Viktor Frankl, Passover, and the Meaning of Freedom
Taste the power of true freedom.
by Rabbi Yaakov Cohen
Passover. The holiday that celebrates what it means to be truly free.
But what is Freedom?
Victor Frankl, a prominent Jewish psychologist, was a survivor of two concentration camps. When he was liberated in April 1945, almost everyone in his family had been killed. Based on his experiences in the camps, Frankl wrote the bestselling book Man’s Search for Meaning where he describes man’s primary need for meaning as the key to living.
He writes, “Everything can be taken from a man but one thing. The last of human freedoms is to choose one’s attitude in any given set of circumstances.”
The Nazis took everything away from him; his clothes, possessions, his family. He sat there huddled in the cold barracks; starving, exhausted and heartbroken. He felt like he had nothing left. And then it hit him; the Nazis thought they had total command over him. That he had no freedom left. But there was one thing they could never take: his choice, his response. Frankl writes, “Between stimulus and response there is a space. In that space is the power to choose our response. In that power, lies our growth and our freedom. ”
By realizing he maintained the power to choose, he clung to his humanity and dignity.
We do not have the freedom to choose the environment we are born into or the conditions we find ourselves in. But we always have the freedom to choose how to respond to any given set of circumstances.
We often make the mistake and think that others are responsible for our lives – our parents, our boss, our spouse, the community, the economy, or the president. We blame or make excuses – What do you want from me? I was born lazy…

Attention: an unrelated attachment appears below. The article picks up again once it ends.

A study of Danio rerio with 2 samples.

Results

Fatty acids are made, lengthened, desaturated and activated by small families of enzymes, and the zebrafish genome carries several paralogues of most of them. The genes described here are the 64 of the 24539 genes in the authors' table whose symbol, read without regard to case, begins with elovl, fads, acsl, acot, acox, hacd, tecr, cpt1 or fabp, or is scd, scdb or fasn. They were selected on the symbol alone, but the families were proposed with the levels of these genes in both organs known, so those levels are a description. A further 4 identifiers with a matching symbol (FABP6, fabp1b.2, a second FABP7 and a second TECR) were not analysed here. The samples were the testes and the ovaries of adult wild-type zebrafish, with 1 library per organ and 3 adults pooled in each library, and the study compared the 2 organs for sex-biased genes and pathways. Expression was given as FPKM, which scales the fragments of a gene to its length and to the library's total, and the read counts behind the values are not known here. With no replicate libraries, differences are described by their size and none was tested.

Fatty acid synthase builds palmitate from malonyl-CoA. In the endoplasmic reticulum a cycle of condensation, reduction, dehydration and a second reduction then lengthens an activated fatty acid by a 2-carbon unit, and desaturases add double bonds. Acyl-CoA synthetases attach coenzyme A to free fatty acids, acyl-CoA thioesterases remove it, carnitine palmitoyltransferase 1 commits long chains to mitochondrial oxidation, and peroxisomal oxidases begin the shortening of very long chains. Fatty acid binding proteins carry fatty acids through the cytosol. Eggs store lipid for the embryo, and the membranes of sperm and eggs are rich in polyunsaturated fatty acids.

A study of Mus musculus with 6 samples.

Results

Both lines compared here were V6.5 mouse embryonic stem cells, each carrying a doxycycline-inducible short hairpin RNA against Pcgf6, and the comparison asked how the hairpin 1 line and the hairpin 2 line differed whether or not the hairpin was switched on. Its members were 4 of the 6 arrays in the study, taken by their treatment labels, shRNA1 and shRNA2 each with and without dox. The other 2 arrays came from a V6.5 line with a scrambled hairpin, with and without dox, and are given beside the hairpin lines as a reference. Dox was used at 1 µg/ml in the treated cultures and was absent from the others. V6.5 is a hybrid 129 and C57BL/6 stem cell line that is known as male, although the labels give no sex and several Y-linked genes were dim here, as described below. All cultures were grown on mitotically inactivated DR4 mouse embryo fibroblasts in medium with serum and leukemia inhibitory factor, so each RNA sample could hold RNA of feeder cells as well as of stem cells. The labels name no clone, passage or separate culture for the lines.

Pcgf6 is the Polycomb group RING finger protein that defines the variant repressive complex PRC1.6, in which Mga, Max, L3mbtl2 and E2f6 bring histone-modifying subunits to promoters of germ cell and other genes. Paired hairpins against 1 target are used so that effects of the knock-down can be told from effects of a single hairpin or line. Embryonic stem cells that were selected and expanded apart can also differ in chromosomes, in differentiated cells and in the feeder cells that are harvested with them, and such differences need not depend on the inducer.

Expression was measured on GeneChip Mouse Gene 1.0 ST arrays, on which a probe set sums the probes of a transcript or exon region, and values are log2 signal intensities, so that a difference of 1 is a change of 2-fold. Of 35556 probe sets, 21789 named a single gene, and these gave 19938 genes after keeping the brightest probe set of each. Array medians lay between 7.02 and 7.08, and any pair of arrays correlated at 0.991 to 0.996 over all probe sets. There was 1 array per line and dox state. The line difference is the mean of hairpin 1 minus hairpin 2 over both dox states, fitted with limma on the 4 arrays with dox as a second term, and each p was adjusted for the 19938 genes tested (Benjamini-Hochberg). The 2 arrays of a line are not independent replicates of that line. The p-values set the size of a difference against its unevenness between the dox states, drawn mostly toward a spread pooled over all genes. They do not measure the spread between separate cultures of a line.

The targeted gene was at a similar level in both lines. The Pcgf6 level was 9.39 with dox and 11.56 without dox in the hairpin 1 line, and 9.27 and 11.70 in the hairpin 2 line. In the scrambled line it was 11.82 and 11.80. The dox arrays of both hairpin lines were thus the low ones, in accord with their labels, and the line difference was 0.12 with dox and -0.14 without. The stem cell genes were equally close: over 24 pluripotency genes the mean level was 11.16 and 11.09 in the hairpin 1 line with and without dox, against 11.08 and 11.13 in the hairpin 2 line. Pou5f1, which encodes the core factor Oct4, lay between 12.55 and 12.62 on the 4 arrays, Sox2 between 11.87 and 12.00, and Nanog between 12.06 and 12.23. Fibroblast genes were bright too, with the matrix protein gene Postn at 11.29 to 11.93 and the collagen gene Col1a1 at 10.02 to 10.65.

In reality, I am the only one responsible for the success and failure in my life.
When we allow other people or situations to dictate how we feel, we give up our freedom and enslave ourselves. Freedom means recognizing that we are the ones in control, that we are responsible. As the sign on President Harry Truman’s desk said, “The buck stops here.”
This is why matzah is called the bread of freedom. Bread is just puffed up matzah… it’s water and flour full of hot air. The number one impediment preventing us from achieving greatness and living a life of freedom is our puffed up ego. Our ego distracts us and causes us to blame everyone else for our problems and failures.
This Passover, as you sit around the Seder table, ask yourself- what’s really holding me back from grabbing life by the horns and living it to its fullest? Where am I not taking full responsibility for my life? As you eat the matzah, break through the shackles of your excuses and taste freedom.